New Virginia Beach police cameras at Oceanfront will see body heat, pick out colors

The number of surveillance cameras at the Oceanfront will more than quadruple as part of a multi-year, $7.5 million project that is now underway.

But while the increase in the number of cameras is significant — there will be 85, up from 19 — the system’s new capabilities may be even more impressive.

The cameras will be able to see thermal imagery, so they could be turned toward the ocean when there is a person or boat in distress and look for people in the water at night. They will also allow the viewer to isolate images by color, so recorded video can be played back showing only people with certain clothing descriptions. That could help police find a suspect or a lost child on a crowded beach.

Lt. Bob Christman of the Virginia Beach Police Department’s support division, discussed some of the features and gave an update on the camera project last week for the city’s Human Rights Commission.

Christman gave an example of a missing child scenario. A camera operator looking for a child in a yellow shirt and red bathing suit who was last seen walking north on the beach could tell the system to play back video during a certain time and only show people who matched clothes of that description, and who were traveling in that direction.

The camera system overhaul will initially replace and update the police department’s 19 existing cameras and add six more by July. That is part of the first phase of the $7.5 million project, which will eventually lead to 85 cameras at the Oeanfront from the Boardwalk to Birdneck Road.

“We see the cameras as a force multiplier, Christman said. “I don’t have and I know the chief does not have 85 spare officers someplace that we can stick out in various locations on the Oceanfront.”

Chrsistman said the cameras will be “overt” and are not intended for covert surveillance.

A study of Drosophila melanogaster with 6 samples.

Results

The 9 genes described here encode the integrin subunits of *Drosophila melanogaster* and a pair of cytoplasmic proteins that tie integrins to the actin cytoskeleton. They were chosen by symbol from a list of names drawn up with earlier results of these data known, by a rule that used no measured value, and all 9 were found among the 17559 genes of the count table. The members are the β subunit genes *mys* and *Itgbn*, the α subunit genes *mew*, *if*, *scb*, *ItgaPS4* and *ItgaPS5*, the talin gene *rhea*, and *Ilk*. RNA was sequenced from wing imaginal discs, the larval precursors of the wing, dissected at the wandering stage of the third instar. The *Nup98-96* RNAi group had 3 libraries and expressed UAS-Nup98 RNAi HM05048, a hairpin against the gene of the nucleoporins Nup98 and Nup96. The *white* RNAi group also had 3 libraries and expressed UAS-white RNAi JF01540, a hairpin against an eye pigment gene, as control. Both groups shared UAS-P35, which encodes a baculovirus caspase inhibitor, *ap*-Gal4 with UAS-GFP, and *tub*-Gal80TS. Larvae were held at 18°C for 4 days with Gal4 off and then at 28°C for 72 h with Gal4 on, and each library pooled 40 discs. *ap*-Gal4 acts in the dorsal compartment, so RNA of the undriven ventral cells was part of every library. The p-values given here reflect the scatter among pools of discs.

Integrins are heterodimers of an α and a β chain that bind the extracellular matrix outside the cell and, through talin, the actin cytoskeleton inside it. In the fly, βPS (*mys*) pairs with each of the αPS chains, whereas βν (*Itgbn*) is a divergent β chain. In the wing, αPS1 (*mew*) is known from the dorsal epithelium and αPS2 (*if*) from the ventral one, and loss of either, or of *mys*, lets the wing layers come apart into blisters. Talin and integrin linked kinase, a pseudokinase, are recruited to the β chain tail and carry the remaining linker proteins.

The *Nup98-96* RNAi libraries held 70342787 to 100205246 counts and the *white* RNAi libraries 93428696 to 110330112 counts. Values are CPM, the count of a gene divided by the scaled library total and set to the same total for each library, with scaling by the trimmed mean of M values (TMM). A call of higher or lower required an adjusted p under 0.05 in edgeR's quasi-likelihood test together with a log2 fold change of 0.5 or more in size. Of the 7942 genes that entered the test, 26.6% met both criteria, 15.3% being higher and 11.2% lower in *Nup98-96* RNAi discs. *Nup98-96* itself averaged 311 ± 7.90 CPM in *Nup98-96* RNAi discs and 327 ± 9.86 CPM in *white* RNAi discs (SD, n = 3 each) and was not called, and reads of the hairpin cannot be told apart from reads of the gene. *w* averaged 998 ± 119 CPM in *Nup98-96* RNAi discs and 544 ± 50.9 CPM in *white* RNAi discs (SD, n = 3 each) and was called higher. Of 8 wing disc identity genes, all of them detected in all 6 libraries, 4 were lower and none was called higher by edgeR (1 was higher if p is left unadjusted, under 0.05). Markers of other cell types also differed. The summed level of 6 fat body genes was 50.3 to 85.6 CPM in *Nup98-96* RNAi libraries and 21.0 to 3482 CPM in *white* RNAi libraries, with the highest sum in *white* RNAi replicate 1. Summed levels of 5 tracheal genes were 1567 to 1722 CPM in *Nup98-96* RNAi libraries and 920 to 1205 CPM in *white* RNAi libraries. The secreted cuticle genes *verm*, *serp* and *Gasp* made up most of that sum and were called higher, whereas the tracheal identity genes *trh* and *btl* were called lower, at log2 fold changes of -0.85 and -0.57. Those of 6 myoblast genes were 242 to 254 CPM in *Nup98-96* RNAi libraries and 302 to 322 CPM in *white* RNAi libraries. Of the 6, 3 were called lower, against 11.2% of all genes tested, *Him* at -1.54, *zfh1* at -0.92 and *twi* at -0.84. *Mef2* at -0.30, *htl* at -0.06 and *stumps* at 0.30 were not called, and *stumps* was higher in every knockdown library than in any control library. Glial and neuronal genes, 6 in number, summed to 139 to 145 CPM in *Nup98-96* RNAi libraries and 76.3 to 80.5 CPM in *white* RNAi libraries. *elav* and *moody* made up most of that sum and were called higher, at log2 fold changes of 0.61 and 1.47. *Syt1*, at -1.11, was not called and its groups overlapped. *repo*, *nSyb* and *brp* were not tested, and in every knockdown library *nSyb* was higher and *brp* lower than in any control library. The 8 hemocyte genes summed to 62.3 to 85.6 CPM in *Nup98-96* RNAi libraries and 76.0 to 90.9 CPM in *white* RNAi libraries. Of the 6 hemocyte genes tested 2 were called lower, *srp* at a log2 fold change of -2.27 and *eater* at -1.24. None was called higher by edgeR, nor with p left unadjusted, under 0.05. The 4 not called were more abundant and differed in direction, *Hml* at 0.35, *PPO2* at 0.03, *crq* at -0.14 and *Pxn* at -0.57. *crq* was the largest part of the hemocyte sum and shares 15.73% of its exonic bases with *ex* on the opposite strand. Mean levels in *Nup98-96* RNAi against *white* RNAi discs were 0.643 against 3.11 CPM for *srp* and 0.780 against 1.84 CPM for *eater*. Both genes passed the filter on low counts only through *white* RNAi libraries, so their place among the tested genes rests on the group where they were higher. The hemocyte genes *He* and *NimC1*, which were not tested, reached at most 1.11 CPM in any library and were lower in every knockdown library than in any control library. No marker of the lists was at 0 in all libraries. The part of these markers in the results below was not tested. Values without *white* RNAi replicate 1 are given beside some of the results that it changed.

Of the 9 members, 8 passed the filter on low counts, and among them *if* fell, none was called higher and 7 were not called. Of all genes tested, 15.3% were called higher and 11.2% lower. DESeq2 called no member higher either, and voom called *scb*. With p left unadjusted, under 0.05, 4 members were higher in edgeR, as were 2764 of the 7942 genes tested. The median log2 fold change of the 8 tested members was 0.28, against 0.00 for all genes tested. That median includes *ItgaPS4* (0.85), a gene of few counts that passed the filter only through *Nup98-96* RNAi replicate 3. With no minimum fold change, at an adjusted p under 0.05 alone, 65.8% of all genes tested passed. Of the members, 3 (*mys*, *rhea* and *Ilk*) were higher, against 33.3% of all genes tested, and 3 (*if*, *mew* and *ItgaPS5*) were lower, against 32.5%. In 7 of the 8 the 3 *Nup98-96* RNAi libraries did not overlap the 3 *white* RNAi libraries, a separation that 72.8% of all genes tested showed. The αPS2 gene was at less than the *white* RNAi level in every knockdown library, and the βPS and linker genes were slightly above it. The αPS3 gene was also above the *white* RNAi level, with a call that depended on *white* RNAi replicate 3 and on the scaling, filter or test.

“We want folks to know the cameras are out there and be aware of them,” he said.

The plan is to install the cameras along the boardwalk, from Rudee Inlet to 40th street, between the bike paths and the hotels, at even numbered streets. On Atlantic Avenue, cameras will be put in at same area but at odd numbered intersections to provide overlapping coverage, Christman said.

The cameras will go on top of poles that are about 25 feet tall and give the operator the ability to rotate them 360 degrees. Their coverage will extend to areas on other busy streets and stretch all the way to Birdneck Road.

The police department’s new video management system, Genetec, is the same one used in the city’s schools. That will let the police tie into the schools’ cameras and during emergencies — a big advantage during a crisis situation, Christman said.

“We would be able to pull the cameras at that school to provide real-time data to the officers that are handling that incident,” he said.

Christman said the police are still working on policies for exactly how they would gain access to the schools’ camera system.

“We don’t have the time, the personnel or the interest at looking at what’s going in the schools and hallways on any given day, but if there’s a critical incident, that’s when we do need to know what’s going on there,” he said.

Human Rights Commissioner Michael Berlucchi asked how the police are addressing possible constitutional issues with the cameras, such as a citizen’s right to privacy.

Christman said they have policies to ensure they don’t infringe on a person’s rights.

Earlier, Christman had given the example of how a camera might be used to find someone who was throwing things from a hotel balcony.

“While we would never look at the hotels and the balconies during routine operation, it is advantageous to us if we get a call for one of those situations, a camera-operator can turn around and start providing information to the responding officer based on what they’re seeing,” Christman said.

Unless a situation like that is reported, the camera operators would not be allowed to turn their lense toward the hotel, he said.

The first phase of the camera expansion project also will give police access to more than 50 transportation cameras throughout the city. Christman said that could help them identify vehicles in an investigation and provide a heads up on traffic patterns.

The control center for the cameras, at the second precinct, is also being renovated to give camera operators a larger working space and add a conference room to accommodate more people during a crisis.

Christman said a big focus of the department is to make residents and visitors at the Oceanfront “feel much more welcome, much more secure down there.”

The Human Resources Commission passed a unanimous motion of support for the project.